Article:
Looking Back in Time
At the end of the year I usually have some extra time to clean out my office spaces. 2015 was no different. I pitch out books or catalogs that I have not even looked at for a year, or longer. Dust off the shelves and try, one more time, to organize my life.
Before actually throwing things away, I do look at them to see if it is something that I should keep. I found a real gem this year: An article that I had saved from AVIONICS NEWS, January 1996, twenty years ago. (Do I keep things too long?) The article: The Federal Radio Navigation Plan talked about the future of GPS navigation and the discontinuance of the VOR, NDB, LoranC, and even the ILS. According to the article, all of these would start coming out of service by 2000, and the ILS gone by 2010.
The article was right about the Loran, but not about the date. It actually lasted until 2010. NDB’s are still around, although not as many. As we know now, the VOR’s are coming out of service, but the new plan is to keep many of them for many years to come. ILS is still a very important part of any IFR system. Nowhere in the article did it say anything about ADS-B. I guess the “crystal ball” of that time had not looked that far into the future.
But here we are, 20 years later, living with the predictions that were made then. As I re-read that article, I had to wonder what the next 20 years will bring for us. The year 2020 is the mandate for the ADS-B, now less than 4 years away. It was announced in 2008, and the FAA gave us until 2020 to equip, a pretty long time for technology equipment. The iPad had not even been invented then, and we are already on generation (what?) now. So, by the 2020 mandate for this new technology, the system, the equipment, and the idea may already be obsolete. What then?
Well, we still don’t have a “crystal ball” that will let us see into the future, but it sure is fun to read history, and even more fun to take part in it. We are talking about technology history here, not about World Wars. How many computers have you owned in the last 20 years? If you own a computer that is 5 years old or more, you are considered “out of date.” And software? Let’s not talk about software here…
Panel mounted GPS, and hand held GPS were coming into general use by 2000. In that year, a panel mounted Garmin 430 Nav/Com, before WAAS, would cost you $10,000 to buy, install, and get certified for IFR use. Today that same unit is considered obsolete, and the manufacturer may not support it a few years ahead. Ten years from now? Who knows?
Twenty years have passed and we are still teaching VOR and NDB Navigation and ILS approaches, and the Practical Test Standards haven’t changed much in the last 10 years. Sure, if you are GPS equipped you must demonstrate the use of the technology, but we are still with the “old stuff” and I don’t see that changing as fast as technology does. Maybe the “old stuff” really is reliable, and not as expensive as we thought to manufacture, maintain, and use. The article did say that all of this was subject to change.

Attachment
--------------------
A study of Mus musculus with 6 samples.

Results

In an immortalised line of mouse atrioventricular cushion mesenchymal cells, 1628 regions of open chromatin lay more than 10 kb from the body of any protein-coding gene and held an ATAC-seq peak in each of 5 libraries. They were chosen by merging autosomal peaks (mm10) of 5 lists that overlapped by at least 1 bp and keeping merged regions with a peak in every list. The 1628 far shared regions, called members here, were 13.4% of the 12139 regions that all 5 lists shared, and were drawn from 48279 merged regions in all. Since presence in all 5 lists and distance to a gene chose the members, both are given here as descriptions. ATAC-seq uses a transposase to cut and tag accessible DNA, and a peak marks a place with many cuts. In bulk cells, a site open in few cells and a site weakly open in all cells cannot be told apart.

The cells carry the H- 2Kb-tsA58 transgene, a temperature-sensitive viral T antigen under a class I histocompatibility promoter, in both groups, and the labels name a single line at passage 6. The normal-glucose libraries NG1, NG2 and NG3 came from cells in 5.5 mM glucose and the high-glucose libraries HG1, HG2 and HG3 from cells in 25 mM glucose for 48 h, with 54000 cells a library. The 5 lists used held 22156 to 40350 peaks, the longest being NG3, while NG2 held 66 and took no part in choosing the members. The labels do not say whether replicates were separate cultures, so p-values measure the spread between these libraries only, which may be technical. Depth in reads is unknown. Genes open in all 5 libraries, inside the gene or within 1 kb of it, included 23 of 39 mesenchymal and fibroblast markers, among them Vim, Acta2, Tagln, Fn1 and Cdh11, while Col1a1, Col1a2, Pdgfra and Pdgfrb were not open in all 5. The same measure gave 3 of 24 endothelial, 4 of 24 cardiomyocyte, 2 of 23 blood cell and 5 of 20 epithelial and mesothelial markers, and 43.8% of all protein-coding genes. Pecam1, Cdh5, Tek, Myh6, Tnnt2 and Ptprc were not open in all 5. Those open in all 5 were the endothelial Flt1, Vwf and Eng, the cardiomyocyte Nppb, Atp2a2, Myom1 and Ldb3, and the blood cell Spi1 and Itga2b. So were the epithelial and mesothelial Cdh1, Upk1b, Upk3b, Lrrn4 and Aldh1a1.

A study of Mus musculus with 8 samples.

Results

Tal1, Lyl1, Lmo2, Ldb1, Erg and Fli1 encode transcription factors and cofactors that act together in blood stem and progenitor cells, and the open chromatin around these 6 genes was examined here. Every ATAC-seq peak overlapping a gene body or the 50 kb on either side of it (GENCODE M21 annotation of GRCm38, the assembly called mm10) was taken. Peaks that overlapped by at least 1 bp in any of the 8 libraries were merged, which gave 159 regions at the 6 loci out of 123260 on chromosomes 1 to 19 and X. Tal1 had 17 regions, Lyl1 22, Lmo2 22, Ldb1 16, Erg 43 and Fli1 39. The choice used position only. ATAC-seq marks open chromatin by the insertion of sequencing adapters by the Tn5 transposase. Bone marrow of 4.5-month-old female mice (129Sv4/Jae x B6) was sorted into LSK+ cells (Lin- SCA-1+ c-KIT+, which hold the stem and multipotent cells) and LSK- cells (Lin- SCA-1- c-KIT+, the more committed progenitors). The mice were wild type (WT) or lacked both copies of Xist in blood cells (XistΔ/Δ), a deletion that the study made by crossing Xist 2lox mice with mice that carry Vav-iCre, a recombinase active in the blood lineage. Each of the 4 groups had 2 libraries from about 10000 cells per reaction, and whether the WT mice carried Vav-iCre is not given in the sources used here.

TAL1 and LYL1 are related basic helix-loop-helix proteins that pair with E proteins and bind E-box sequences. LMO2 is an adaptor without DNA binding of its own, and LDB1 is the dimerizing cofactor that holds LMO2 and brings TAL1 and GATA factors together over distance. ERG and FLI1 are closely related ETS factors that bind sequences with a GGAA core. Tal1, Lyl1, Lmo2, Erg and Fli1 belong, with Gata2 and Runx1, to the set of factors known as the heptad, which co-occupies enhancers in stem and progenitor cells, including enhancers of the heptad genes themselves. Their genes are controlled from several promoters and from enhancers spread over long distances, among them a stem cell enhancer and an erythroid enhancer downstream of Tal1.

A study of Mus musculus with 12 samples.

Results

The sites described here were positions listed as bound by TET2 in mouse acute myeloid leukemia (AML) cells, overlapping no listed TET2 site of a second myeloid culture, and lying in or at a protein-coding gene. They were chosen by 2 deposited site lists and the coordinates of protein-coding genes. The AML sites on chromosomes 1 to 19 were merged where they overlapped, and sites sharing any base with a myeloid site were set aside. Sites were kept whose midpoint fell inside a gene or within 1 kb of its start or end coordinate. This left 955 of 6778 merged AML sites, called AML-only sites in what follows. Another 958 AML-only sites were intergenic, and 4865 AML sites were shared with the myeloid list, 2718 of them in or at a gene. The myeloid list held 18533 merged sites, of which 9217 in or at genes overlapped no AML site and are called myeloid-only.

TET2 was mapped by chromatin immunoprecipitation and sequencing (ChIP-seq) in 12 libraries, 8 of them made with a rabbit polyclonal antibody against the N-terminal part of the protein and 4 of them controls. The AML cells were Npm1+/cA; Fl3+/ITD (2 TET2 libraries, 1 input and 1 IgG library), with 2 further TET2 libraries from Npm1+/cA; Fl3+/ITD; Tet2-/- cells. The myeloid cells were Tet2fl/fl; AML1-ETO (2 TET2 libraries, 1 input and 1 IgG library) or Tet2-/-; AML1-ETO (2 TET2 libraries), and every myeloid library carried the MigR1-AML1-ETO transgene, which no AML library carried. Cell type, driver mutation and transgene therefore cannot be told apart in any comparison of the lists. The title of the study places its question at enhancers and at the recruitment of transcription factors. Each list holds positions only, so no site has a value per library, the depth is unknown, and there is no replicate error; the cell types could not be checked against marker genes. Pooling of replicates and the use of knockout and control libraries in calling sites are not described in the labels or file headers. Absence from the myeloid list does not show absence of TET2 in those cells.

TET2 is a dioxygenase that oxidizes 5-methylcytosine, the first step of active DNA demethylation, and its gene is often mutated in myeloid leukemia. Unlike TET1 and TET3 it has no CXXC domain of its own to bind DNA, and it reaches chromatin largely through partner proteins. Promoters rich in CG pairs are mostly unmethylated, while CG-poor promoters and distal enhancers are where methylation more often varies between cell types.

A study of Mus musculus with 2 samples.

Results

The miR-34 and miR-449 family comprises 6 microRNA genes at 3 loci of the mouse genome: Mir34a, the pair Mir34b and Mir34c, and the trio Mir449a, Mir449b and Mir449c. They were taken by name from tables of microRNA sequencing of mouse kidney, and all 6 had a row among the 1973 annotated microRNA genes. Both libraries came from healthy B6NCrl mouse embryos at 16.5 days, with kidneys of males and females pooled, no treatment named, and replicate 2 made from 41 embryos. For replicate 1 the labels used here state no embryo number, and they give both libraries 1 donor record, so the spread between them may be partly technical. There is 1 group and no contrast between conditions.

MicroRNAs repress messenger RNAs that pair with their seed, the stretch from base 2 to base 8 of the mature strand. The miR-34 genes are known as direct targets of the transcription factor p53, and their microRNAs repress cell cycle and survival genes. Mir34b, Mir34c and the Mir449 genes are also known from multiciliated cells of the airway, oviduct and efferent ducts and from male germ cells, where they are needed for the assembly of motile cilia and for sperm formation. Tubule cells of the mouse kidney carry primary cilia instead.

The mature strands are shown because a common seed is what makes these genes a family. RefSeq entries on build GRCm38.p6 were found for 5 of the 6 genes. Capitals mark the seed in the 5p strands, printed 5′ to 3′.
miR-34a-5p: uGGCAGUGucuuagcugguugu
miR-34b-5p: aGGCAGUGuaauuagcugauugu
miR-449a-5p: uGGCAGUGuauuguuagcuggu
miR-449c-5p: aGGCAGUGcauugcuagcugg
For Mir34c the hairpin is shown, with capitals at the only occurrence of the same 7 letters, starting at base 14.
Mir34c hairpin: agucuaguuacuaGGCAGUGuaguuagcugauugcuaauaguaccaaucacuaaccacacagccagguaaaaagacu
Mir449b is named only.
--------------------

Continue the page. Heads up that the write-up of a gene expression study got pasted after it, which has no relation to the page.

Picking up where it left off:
To be sure, GPS technology is going to be with us for the foreseeable future. Every device that the government turns off and takes out of service has the tag: to save money. The Loran shut-off was going to save $190 Million over ten years. Meanwhile the installation of new ground based technology for the ADS-B has cost well over $1 Billion. Satellites don’t last forever either, and they are really hard to get to in order to fix them. Eventually they will just fall out and burn up in the atmosphere. And, they are expensive to replace. Never mind that the whole system could be shut down by the government in an emergency, or at their whim.
GPS has changed the way we live. Many new cars come equipped with GPS just as they did with radios decades ago. Truckers use GPS; boats, both inland and at sea, use GPS; and even if you hike in the mountains, a pocket GPS would be a good companion to have along. There is even talk of using drones with GPS to deliver packages to your door.
No doubt that aviation has benefited from GPS technology. Air Traffic Controllers tell us that fewer pilots are getting lost and needing assistance than ever before, but those that do get lost are really lost and harder to help. That brings us back to basics. New student pilots still need to be taught basic navigation skills such as dead reckoning and ground features for navigation. It doesn’t hurt for experienced pilots to practice those skills as well.
Your ARIZONA PILOTS ASSOCIATION has offered many free seminars on how to use your iPad with the proper app for navigation. If you have not attended one of these seminars, you might be surprised at how much you can learn in such a short time. Look for the next safety seminar, and don’t forget to “Bring your Wingman.”